MDU calls for compassionate regulation of healthcare workers

The Medical Defence Union (MDU) is calling on professional regulators to ensure fitness to practise processes deal with doctors and other healthcare professionals in a compassionate and proportionate way, taking account of the realities of their working lives.

While chairing the Westminster Health Forum event today on Next steps for professional healthcare regulation in the UK, Dr Caroline Fryar, MDU director of medical services, explained that it is important to learn lessons from the flexible way in which regulators like the GMC responded to the challenges of the pandemic to avoid unnecessary fitness to practise investigations.

Speaking after the event, which was attended by parliamentarians and representatives of the GMC and Professional Standards Authority, Dr Fryar explained:

“The pandemic shows we need healthcare regulation to be agile: we need it to be responsive and proportionate, we need it to be able to take swift action to dismiss complaints that are simply not a fitness to practise issue. That’s why it’s so important the government publishes legislation to give regulators like the GMC the powers it needs to be more flexible.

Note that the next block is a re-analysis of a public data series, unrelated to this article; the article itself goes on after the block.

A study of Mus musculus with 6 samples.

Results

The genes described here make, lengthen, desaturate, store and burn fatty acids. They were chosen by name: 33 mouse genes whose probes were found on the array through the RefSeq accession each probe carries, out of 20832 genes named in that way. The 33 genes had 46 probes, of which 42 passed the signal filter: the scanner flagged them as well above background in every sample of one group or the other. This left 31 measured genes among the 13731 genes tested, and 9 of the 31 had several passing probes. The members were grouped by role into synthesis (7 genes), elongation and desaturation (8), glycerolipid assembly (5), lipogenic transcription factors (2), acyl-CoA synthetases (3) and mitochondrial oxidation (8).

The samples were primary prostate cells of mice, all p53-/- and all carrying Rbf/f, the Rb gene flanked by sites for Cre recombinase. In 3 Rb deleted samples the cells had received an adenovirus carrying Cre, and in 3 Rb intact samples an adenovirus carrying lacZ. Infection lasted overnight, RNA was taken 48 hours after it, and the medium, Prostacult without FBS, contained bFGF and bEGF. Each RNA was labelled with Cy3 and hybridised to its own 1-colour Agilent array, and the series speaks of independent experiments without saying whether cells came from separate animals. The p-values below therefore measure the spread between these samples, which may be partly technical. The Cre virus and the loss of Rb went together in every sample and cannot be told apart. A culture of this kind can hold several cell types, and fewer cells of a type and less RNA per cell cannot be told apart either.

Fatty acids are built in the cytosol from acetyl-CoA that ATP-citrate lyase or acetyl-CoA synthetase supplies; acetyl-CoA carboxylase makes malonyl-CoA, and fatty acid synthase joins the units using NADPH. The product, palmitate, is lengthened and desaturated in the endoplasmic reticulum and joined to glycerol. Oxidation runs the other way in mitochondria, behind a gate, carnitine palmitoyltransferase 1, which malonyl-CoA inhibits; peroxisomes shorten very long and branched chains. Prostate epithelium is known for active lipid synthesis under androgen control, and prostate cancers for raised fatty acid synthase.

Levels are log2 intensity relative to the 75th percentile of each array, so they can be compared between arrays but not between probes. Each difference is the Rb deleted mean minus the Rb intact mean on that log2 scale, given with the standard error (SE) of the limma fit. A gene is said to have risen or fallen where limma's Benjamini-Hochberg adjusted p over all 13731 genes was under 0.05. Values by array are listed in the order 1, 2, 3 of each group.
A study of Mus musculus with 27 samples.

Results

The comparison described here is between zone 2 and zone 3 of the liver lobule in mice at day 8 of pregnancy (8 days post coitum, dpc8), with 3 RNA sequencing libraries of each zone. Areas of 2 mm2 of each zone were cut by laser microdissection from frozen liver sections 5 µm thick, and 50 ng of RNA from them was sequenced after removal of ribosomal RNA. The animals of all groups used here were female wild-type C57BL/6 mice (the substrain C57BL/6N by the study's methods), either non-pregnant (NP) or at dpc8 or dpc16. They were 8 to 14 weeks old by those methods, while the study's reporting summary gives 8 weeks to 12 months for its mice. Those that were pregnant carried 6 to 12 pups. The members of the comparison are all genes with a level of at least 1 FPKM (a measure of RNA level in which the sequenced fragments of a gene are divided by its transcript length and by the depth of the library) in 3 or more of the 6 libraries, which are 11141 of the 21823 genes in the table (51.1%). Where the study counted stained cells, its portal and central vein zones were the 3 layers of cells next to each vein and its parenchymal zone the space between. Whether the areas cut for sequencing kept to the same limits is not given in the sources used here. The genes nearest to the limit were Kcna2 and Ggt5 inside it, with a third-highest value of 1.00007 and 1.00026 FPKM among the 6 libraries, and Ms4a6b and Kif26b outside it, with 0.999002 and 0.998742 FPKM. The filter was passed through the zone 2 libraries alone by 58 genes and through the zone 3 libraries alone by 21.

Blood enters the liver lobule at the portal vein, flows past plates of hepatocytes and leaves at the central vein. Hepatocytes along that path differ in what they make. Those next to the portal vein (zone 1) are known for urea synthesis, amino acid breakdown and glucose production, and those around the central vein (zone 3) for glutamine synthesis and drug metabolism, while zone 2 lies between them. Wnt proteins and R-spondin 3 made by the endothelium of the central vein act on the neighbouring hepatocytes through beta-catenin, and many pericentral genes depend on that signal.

“While we await the legal changes needed to reform regulation, we need to ensure GMC standards remain compatible with the realities of doctors’ daily working lives, supporting colleagues to get on with the job of safely caring for patients.

“That means stopping investigations becoming unnecessarily prolonged and better triage arrangements at the start of the process so matters not relevant to the GMC can be more easily reassigned.

“For our part, we ensure members involved in GMC hearings receive a robust defence. Our figures for those doctors supported at hearings speak for themselves and demonstrate the value of first-rate legal representation. I urge all doctors to ensure they join a medical defence organisation.”

Between 2016 and 2020, MDU solicitors representing members achieved no finding of impairment in 42% of cases compared to the Medical Practitioners Tribunal Service average of 21.5%.